By Pam Martens and Russ Martens: June 27, 2019 ~
On July 18 of last year, the U.S. Department of Justice indicted two Merrill Lynch precious metals traders, Edward Bases and John Pacilio, charging them each with one count of conspiracy to commit wire fraud affecting a financial institution and one count of commodities fraud each. Pacilio was further charged with five counts of spoofing. (Spoofing is where a trader uses a high-speed computer to issue a rapid barrage of buy or sell orders, with no intention of executing the trades, in order to mislead the market and gain an advantage for his own position in the market.)
On Tuesday of this week, a unit of Merrill Lynch was given a deferred prosecution agreement in the same matter by the Justice Department in exchange for an agreement to cooperate. Merrill also agreed to pay a measly $25 million in fines and disgorgement. (The amount of the fine and disgorgement is like a fly on the backside of an elephant. The parent of Merrill Lynch, Bank of America, had profits of $7.3 billion in just the first quarter of this year.)
Merrill’s promise to “cooperate” is also looking quite specious.
The Justice Department said it had obtained an agreement from Merrill and its parent, Bank of America, to “cooperate with the government’s ongoing investigation of individuals and to report to the Department evidence or allegations of violations of the wire fraud statute, securities and commodities fraud statute, and anti-spoofing provision of the Commodity Exchange Act in BAC’s Global Markets’ Commodities Business…”
The General Counsel of Global Banking, Global Markets and International at Bank of America Merrill Lynch is William C. Caccamise, who is also the Chairman Elect at the Wall Street trade association known as SIFMA. The Board of SIFMA includes representation from pretty much every mega bank on Wall Street – including the ones that are serially charged with market manipulations like Citigroup, Goldman Sachs and Deutsche Bank.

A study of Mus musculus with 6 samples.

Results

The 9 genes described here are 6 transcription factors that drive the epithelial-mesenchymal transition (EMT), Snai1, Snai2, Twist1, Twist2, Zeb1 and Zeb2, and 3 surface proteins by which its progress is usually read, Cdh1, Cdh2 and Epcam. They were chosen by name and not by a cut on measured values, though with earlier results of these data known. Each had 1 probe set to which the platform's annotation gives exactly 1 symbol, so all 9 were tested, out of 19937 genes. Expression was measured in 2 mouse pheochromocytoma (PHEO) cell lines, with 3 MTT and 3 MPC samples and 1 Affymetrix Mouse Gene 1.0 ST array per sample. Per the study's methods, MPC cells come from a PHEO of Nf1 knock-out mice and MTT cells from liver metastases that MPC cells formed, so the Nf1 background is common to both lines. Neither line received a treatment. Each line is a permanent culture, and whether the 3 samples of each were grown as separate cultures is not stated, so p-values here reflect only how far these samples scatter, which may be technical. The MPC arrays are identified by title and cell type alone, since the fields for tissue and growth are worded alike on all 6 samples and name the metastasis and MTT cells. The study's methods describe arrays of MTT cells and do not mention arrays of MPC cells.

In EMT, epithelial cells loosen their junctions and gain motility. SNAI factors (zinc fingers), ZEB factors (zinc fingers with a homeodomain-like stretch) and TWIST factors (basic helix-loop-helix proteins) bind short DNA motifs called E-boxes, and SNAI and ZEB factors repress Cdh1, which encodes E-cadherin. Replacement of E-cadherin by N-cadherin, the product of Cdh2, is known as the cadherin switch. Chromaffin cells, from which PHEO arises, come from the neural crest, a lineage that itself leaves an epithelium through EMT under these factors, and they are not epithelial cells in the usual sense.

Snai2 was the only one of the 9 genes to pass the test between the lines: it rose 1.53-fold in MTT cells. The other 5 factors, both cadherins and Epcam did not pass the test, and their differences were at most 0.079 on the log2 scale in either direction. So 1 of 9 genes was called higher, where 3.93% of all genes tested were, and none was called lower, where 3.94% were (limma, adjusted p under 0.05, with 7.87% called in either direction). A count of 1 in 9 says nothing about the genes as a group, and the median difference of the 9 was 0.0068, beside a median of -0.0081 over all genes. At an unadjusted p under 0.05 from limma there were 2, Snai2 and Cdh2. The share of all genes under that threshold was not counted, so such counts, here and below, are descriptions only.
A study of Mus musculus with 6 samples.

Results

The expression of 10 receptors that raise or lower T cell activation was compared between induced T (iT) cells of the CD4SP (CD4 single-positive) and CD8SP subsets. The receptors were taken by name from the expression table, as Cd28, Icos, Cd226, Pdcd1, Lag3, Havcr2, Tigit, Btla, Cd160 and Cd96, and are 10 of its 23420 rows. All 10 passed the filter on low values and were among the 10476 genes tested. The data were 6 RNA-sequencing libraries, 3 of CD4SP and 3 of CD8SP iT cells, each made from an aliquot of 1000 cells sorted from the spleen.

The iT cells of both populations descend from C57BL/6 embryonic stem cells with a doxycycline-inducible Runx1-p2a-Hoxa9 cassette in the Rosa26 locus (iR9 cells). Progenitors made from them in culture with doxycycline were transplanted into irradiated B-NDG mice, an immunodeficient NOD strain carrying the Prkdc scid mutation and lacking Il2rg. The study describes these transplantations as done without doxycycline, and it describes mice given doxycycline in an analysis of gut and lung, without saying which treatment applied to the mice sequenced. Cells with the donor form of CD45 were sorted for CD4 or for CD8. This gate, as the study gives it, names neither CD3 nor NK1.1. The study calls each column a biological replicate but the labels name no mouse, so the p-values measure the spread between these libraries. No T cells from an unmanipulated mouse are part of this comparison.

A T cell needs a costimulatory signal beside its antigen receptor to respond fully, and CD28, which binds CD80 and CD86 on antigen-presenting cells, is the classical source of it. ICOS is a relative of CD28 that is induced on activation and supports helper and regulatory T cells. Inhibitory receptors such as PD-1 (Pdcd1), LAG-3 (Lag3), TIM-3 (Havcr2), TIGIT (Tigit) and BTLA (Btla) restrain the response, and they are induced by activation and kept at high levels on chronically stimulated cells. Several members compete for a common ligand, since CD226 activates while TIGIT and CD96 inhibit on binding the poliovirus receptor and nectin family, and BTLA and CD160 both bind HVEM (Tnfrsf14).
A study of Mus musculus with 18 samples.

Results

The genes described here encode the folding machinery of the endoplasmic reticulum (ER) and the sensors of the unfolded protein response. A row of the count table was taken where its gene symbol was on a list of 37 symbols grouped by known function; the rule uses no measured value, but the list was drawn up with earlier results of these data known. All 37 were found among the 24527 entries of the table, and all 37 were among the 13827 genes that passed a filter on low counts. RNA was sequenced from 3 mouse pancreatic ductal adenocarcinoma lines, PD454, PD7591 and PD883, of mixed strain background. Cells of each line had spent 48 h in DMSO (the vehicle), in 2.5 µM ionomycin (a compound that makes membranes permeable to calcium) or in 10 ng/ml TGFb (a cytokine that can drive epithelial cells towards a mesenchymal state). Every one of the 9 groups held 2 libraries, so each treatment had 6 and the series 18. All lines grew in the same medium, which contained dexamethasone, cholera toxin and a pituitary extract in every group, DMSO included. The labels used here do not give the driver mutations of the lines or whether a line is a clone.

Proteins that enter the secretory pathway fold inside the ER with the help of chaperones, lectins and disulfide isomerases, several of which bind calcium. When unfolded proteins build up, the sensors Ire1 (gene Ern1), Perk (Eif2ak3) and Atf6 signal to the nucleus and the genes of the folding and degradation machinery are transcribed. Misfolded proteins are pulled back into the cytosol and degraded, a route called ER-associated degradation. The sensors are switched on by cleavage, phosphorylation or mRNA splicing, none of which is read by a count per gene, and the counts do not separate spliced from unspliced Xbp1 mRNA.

While Merrill is promising to “cooperate” with the Justice Department, SIFMA, along with the Bank Policy Institute and the Chamber of Commerce of the United States, has filed an Amicus (Friend of the Court brief) asking the Federal District Court in Illinois that is hearing the cases against the two indicted Merrill traders, Bases and Pacilio, to throw out the wire fraud charges.
The Futures Industry Association (FIA) has also filed a similar Amicus. The Chairman of the Board of FIA is Jerome Kemp of Citigroup. The Vice Chairman of FIA is Nicholas Rustad of JPMorgan Securities. Citigroup admitted to one criminal felony count lodged by the Justice Department in 2015 for rigging foreign exchange trading. JPMorgan Chase admitted to two criminal felony counts in 2014 for its role in the Bernie Madoff Ponzi scheme and one felony count in 2015 for participating in the rigging of the foreign exchange market.
Bank of America Merrill Lynch also has an executive on the Board of FIA, Dean Tonkin.
The gist of the Amicus briefs seems to be that Wall Street doesn’t want its predatory traders to become little lambs worrying about being indicted. The FIA brief, for example, argues this:
“The government’s approach will create undeterminable legal risk that will chill legitimate, non-fraudulent trading that does not violate any of the prohibitions charged in this case or in the CEA or CFTC regulations generally—trading that is essential for vibrant, liquid markets. For these reasons the wire fraud charges in the indictment should be dismissed.”
SIFMA seems to be worried about other predatory schemes on Wall Street being swept in to wire fraud charges. It writes in the joint Amicus:
“The government’s theory could criminalize legitimate commercial conduct. The government’s expansive theory of wire fraud liability in this case poses significant risk to amici’s members. If the government’s theory that the defendants’ unexpressed hopes or intentions constitute an implied misrepresentation to the market were accepted, a wide array of legitimate commercial activity would be at risk of being labeled criminal fraud. It is common, not rare, for a business in dealing with counterparties in the market, or with the public, not to disclose all of the facts motivating its conduct. So long as the business does not misrepresent any facts, this is of course not fraud.”
That is quite a leap. We’re thinking of when Goldman Sachs sold the Abacus deal as a sound investment to some of its customers without telling them it knew it had been designed to fail by the hedge fund, John Paulson & Co., so that the hedge fund could short the deal and end up making $1 billion while Goldman’s customers lost $1 billion. Goldman paid $550 million to settle the charges with the SEC. One of the charges was for “omitting” material facts.